The Banana Splits Movie18¦ Blu-ray, DVD
This may come a shock to some of you, but there was a time when TV only ‘streamed’ through TV aerials. There was also no such thing as a dedicated children’s channel, and if you wanted to turn your TV over to another channel, you had to get off your backside and physically do so on your TV set. Truly dark days indeed.
There were moments of light however, albeit fleetingly brief. During the summer months during the seventies and eighties, the BBC dedicated its morning weekday slot to kids TV. Here they would broadcast a real mish-mash of material, from classic TV shows such as Flash Gordon and The Adventures of Robinson Crusoe, as well as the likes of Why Don’t You? and The Monkees.
Nestled neatly into the schedule was the colourful The Banana Splits . A variety show that mixed live action segments with a number of cartoons. The live action sections where presented by Fleegle, Snorky, Drooper and Bingo, larger than life costumed characters that lived for music and silliness in equal measure. If you watched it regularly, you will be all too familiar with its über catchy theme tune, which may well be the original ear worm.
It actually only run for two years Stateside, but it feels it certainly had its fair share of repeats here in the UK. So much so that these much-loved, albeit slightly frightening characters, have lived long in the memory. And now they’re back, but not quite as you may remember.
It’s young Harley’s (Finlay Wojtak-Hissong) birthday and his mum Beth (Dani Kind), has organised a really special treat for him; they’re going to a recording of his favourite TV show - The Banana Splits.
It may be a great day for him, particularly as his step-brother Austin (Romea Carere) has managed to blag them meet and greets after, but the Splits have had better days. The show’s producer is told they’re canned, and today will be their last show. To say the Splits are miffed is an understatement; they decide that if this is to be their last show, they’re going to make it a memorable one.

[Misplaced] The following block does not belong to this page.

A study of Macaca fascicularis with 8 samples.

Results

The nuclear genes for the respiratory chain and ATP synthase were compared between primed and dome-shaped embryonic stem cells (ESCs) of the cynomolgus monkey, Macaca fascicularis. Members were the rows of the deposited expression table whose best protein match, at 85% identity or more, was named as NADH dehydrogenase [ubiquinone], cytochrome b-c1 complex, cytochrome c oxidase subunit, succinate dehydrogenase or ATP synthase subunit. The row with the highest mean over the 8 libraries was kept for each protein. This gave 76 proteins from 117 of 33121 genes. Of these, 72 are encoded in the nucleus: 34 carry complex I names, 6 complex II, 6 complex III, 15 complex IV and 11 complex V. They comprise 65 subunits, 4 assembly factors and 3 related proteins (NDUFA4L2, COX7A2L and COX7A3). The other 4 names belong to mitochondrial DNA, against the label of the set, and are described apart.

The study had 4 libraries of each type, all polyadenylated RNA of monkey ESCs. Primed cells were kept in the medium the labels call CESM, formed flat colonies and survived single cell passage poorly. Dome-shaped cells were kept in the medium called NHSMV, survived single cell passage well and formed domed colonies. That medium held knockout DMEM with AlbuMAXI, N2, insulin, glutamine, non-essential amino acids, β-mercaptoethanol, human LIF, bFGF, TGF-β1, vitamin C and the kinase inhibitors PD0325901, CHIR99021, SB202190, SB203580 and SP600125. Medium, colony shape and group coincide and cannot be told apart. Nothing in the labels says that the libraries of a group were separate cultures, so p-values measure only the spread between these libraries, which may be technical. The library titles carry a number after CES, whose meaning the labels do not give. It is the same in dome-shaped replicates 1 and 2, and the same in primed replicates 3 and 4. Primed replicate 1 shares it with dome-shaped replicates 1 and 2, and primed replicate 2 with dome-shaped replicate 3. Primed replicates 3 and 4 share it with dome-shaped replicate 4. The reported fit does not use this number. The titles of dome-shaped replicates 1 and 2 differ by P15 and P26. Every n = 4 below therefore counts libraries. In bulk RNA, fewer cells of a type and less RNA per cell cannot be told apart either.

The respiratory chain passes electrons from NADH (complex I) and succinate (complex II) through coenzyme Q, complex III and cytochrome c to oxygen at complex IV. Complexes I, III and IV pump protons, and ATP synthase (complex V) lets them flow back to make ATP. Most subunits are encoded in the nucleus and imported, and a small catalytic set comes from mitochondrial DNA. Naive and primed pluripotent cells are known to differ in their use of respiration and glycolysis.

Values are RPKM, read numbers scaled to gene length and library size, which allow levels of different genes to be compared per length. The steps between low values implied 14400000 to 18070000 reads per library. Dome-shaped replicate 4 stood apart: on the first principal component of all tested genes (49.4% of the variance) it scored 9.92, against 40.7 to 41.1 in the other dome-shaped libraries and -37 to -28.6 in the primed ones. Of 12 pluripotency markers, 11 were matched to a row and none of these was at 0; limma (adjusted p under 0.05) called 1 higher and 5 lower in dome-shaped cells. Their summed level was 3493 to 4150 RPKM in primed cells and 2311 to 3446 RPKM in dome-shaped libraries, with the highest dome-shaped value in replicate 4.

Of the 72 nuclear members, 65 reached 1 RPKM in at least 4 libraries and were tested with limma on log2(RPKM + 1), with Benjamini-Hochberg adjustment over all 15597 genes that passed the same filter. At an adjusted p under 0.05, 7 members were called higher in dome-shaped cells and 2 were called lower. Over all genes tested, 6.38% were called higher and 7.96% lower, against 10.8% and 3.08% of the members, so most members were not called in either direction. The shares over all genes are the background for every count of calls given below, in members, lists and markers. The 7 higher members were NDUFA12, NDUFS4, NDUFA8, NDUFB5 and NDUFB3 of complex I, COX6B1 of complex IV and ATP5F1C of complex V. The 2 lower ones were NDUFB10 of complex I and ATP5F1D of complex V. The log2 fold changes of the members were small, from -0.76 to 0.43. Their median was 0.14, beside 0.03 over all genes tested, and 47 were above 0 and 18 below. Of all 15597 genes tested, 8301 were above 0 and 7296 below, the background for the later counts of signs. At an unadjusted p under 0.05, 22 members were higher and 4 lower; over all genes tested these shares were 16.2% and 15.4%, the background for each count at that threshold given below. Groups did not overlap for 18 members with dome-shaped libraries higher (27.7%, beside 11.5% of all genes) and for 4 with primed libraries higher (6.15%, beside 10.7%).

This is a remarkable film, in one sense at least, in that Hanna-Barbera agreed to allow it to happen. All the characters used are those that featured in the original show, and they’ve been allowed to be portrayed as vicious killers. It would be like Cosgrove Hall Films allowing Postman Pat to be turned into a serial killer, with his sidekick cat a demonic cannibal, wiping out the local village on a whimsical killing spree. It just feels a little unsettling to say the least.
Obviously the ideas of toys and dolls coming to life for horrific purposes is not a new one, as the Chucky, Annabelle and Toy Story flicks illustrate. But using existing characters is somewhat unusual.
Of course it’s only unnerving if you’re of a certain age that grew up with these characters; nostalgia, as bleak as it might be here, is still a major draw. And to be fair, it’s the only pull this film has, as it struggles to deliver on the horror front.
Canadian Director Danishka Esterhazy does well in creating a claustrophobic setting, but lacks any subtlety in the ability to thrill and disturb. The editing is on the slow side, and she doesn’t help her cause by making it blatantly obvious who the victims are going to be. There is also some very special acting going on here too, and that’s not including the guys in the costumes.
There’s a nucleus of an idea here, that of a fondly remembered character from childhood returning to cause mayhem, but just like the majority of the dispatching scenes, it was let down by poor execution.
This re-union of sorts then has to be deemed disturbing, and for all the wrong reasons.